As one of my good friends turned 50 this year, she celebrated this occasion by logging nearly 550miles trekking El Camino in Spain. My friend is in the prime of her life-- enjoying travelling the world, running her own editing business, and giving back to the community in many ways as a volunteer.
In sharp contrast to her story, my 50 year old formerly homeless friend who passed away a few days ago was not the picture of health. When I met him, roughly five years ago, he was living in an abandoned house down the street from my urban office. He was squatting in his family home that was foreclosed following his job loss and ensuing debt. J was a college graduate, an intelligent man, but a combination of substance abuse and failing health caused his bout of homelessness. Unfortunately, hard living in addition to a chronic heart condition caught up to him and ended his life early. J was a Trusted Mentors mentee.
A partnering agency case manager once commented, “We work with society’s cast-aways.” In reality, many of our mentees have been rejected by society, abandoned by family, and burned bridges with friends and colleagues. Many others, by deciding to “live life differently,” have walked away from friends or connections who supported their addictions or lives of crime. Either way, the formerly/ homeless and re-entry populations are at high risk of loneliness and isolation. Fortunately for J, his Trusted Mentor was able to build a quality relationship with J during the final years of his life. Still, J died alone.
One elderly mentee who is a PIH resident comes to mind as I think about our aging homeless population. Beth is in her seventies and lives alone at Partners in Housing. She has no family connections as she’s divorced and never had children. Her agency case manager referred her to Trusted Mentors because Beth (not real name) “desires companionship.” At this stage in her life, she has no lofty goals involving education or career: she simply wants to experience some enjoyment in her life and is in need of a friend. I relish reading the reports from her mentor who shares stories of outings that the two of them enjoy together. Beth raves about the joy she shares with her mentor as they participate in community events and re-engage in hobbies (Beth is a retired artist and loves First Fridays!). I know that Beth’s mentor is adding quality to her life, during her final years.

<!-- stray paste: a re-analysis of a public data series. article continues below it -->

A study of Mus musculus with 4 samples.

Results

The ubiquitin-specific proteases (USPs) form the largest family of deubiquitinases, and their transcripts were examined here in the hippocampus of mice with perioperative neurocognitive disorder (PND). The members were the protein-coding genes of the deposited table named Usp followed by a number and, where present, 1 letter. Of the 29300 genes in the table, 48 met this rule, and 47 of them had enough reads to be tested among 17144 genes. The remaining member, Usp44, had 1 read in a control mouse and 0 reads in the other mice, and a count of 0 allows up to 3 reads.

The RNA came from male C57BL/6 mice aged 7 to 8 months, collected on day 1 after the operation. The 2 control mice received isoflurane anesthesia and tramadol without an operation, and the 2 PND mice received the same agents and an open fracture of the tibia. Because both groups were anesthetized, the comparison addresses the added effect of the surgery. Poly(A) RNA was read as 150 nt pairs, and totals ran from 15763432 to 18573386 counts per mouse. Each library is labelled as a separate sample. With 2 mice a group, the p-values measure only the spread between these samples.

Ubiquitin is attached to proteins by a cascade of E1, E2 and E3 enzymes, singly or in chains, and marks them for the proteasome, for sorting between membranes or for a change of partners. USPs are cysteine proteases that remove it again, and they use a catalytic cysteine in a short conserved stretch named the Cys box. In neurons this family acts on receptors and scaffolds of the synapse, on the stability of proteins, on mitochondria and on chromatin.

The isolation and loneliness that plague the formerly homeless aging population can be detrimental. Loneliness may increase the risk of death among the elderly, but the health effects of social isolation may be greater than those of loneliness, according to a new study published in the Proceedings of the National Academy of Sciences. Maintaining social contacts and reducing isolation are particularly important as we think of quality of life and future longevity.
At Trusted Mentors, we like to say that we mentor from “cradle to grave” as many of our young adult mentees are parents. The impact that our mentors have on their lives trickles down to their children. On the other side of the spectrum, please consider mentoring an older adult with Trusted Mentors. The joy and enriching value our mentors receive from their relationships with their mentees is life-changing. If you are interested, please contact us through our website at www.trustedmentors.org or by calling our offices at 317-985-5041.